LOS ANGELES (CN) – Oreck markets its “flu-fighting” vacuum cleaners and air purifiers with false claims that they can “eliminate common viruses, germs and allergens, thereby helping to prevent the illnesses they cause,” consumers say in a federal class action.
“Defendants represented to consumers that the products used scientifically proven technology to eliminate common viruses, germs and allergens, thereby helping to prevent the illnesses they cause,” the complaint states. “However, these representations were false, deceptive and inaccurate. As such, Oreck’s actions violated the Magnum Moss Warranty Act (‘MMWA’), breached express warranties made by defendants, breached implied contractual warranties imposed by law, violated numerous California consumer protection statutes, and violated New York consumer protection statutes and common laws.”
Lead plaintiffs Roxy Edge and Linda Gonzalez sued Oreck Corp. and three Oreck LLCs. They say the Nashville-based company cannot back up its claims that its vacuum cleaners and air-purifiers can “kill” bacteria and viruses.
Oreck claims that its Halo brand upright vacuum cleaner is “different from an ordinary upright vacuum” because of its “light chamber.”
According to Oreck’s ads, the product “‘creates a powerful germicidal wavelength of UV-C light that can kill and reduce up to 99.9 percent of germs and bacteria helping you give your floors a healthier clean,'” the complaint states.
It continues: “This functionality was depicted in a number of different ways throughout Oreck’s many advertising mediums. One such advertisement showed a man in a lab coat (apparently lending credence to Oreck’s claims of scientific testing) vacuuming a floor surface with the Halo. Other advertisements featured the Halo eliminating simulated germs, bacteria and dust mite eggs below a carpeted floor surface. According to defendants, all of this was accomplished in less than one second of exposure to the light emitted from the Halo. One of Oreck’s printed advertisements claimed that, ‘when the light is on, germs are gone.'”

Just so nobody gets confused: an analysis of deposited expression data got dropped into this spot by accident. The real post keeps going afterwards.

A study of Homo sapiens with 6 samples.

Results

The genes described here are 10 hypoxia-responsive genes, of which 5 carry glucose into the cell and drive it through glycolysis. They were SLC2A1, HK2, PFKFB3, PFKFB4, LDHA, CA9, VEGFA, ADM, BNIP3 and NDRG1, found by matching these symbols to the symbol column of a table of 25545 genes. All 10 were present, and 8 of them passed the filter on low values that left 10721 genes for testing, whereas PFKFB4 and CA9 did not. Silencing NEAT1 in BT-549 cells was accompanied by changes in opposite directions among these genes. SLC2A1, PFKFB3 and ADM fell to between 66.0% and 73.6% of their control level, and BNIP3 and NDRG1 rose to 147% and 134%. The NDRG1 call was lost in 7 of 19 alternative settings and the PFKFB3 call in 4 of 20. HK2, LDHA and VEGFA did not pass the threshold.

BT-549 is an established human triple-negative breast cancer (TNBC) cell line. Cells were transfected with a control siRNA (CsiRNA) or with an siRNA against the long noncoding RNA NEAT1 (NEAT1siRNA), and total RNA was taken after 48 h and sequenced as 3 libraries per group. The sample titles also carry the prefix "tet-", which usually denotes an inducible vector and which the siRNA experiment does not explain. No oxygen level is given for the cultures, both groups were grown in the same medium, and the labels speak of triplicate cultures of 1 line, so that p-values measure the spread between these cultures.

Oreck boasts of a similar “UV-C light” function for three lines of its air purifiers.
“In this product, Oreck didn’t claim that the UV-C light, dubbed the ‘Helios Shield,’ killed germs, bacteria, molds, or viruses like the Halo. Although they were frequently advertised together, Oreck represented that the ProShield Plus air purifier ‘uses ultraviolet light to smash the molecular structure of gases and odors’ and ‘uses UV light to remove many odors from the air.’ Defendants also made very similar claims about their air purifiers’ germ killing and flu fighting abilities, claiming the air purifiers would remove flu and other viruses, bacteria, mold and other pathogens from the air,” the complaint states.
Oreck claims that its products prevent colds, diarrhea, stomach upsets, asthma and allergies, the class claims.
“Unfortunately for plaintiffs and the class, defendants’ claims are not adequately supported by credible, scientific testing or other substantiation, and are not true,” the complaint states.
The FTC this year fined Oreck $750,000 for “false and deceptive claims” and ordered it to stop claiming “Halo and the ProShield can kill bacteria, viruses and other pathogens, and thereby prevent illness,” the complaint adds.
The plaintiffs seek class damages under the Magnuson-Moss Warranty Act and Song-Beverly Consumer Warranty Act, for breach of express warranties, breach of implied warranty of merchantability, consumer law violations, unfair competition, false advertising and violations of New York General Business Laws.
They are represented by Behram Parekh, who did not respond to an emailed request for comment.
Oreck spokesman John Van Mol told Courthouse News: “In this case no class has been certified. The company does not believe there is any merit to the plaintiffs’ attorneys’ case and it intends to vigorously defend the lawsuit.”